Education and Practice Can Dispel Your Computer Fears


“I have computer phobia! How do I conquer my fear of using computers so that I’m more employable?” — Alyssa from Roanoke, VA


I get it. I really do. Thanks to movies like The Terminator, The Matrix and Tron, among others, there is a fear way in the back of my mind that the machines will rise up and try and control us!

Every year that passes seems to bring us closer and closer to the point where we make machines smarter than we are. For instance, Apple now makes a cell phone that will do things just because you tell it to — no more pesky button pushing or screen tapping. Oh and did I mention it can also talk back?

Then there was that machine on Jeopardy that dominated all the other players. They’re starting to make cars that you can tell to do things, like call someone, find the nearest gas station or even tell you how to get home from wherever you are.

As technology improves and computers get smarter, it may seem like they are getting more and more complicated. But in truth, they are getting simpler and more user-friendly. (We don’t have time to get into all the ways that this point is true, so you’ll just have to trust me on this!)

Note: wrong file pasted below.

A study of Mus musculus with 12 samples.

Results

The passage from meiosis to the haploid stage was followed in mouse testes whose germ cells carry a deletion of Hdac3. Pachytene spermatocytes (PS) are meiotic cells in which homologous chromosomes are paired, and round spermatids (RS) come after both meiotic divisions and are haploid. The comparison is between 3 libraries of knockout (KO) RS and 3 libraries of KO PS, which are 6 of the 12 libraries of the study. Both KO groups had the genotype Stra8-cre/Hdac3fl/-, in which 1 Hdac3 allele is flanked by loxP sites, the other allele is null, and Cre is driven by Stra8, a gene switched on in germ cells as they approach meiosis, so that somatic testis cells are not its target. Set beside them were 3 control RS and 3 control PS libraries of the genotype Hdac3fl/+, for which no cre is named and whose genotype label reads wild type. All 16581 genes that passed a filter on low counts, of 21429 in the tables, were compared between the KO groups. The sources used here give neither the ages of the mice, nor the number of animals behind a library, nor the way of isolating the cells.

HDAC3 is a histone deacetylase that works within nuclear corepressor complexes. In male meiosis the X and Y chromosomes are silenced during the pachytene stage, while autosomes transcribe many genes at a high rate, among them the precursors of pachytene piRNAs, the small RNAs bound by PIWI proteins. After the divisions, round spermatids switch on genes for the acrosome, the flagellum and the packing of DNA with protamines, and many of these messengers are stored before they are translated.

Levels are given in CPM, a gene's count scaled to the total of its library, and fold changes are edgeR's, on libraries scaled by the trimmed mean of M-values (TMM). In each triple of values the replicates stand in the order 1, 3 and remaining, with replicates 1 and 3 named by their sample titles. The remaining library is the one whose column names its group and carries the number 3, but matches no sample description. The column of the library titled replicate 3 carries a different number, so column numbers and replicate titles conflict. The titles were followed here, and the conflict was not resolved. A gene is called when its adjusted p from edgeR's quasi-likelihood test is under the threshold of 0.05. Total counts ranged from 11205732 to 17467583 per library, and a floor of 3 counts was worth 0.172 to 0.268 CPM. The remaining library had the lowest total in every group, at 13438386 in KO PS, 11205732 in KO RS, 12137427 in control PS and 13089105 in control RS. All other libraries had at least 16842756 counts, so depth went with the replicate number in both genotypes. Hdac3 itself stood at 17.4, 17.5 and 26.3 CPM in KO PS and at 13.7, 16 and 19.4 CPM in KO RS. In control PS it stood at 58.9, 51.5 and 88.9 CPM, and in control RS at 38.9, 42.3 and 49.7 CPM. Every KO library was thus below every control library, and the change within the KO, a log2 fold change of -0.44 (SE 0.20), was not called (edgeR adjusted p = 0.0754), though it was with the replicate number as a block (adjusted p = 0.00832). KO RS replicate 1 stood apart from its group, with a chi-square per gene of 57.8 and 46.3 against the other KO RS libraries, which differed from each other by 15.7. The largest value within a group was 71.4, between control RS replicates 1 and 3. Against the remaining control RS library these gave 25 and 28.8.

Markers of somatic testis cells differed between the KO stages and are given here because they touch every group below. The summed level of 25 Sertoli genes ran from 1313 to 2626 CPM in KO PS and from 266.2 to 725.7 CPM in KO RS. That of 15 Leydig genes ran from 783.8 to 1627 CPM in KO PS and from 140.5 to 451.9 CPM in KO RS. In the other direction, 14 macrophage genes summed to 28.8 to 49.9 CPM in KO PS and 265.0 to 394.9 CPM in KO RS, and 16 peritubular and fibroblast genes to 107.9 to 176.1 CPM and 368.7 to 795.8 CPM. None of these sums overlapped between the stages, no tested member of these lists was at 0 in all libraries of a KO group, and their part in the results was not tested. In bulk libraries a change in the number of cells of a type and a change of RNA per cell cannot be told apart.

Since you’re reading this, you’re already over the first hurdle. You’re online! Now, the easiest way to conquer your fear and become more computer savvy is to practice.

Thanks to the wonder of the Internet, there are multiple free sources that will tell you what does what, what goes where and even why it goes where it does. One of the best sources I’ve found is a website called, it’s chock full of free, interactive, self-paced trainings and videos that can help you start building your computer skills in a safe environment.

If you access the Internet at the library, check out the section of books about learning to use computer software, and maybe even a locate person who can help with your questions. Or if you feel like spending some money (and aren’t easily insulted!), try PCs for Dummies, a handy, easy to understand overview of using a computer which can be found at your nearest bookstore.

There are also some fun and informative ways to practice skills online. Try mouserobics, a fun and informative exercise that will get you comfortable using a mouse.  If typing is your ‘kryptonite,’ then try, which offers interactive games, lessons and speed tests.

At the moment, computers are nothing to be afraid of.  Once you just push up your sleeves and give it a try, you’ll see that they really aren’t as complicated as they seem.

Now, if you tell your car to show you how to get home and it says no, then you may have something to worry about.  But until that day, happy computing!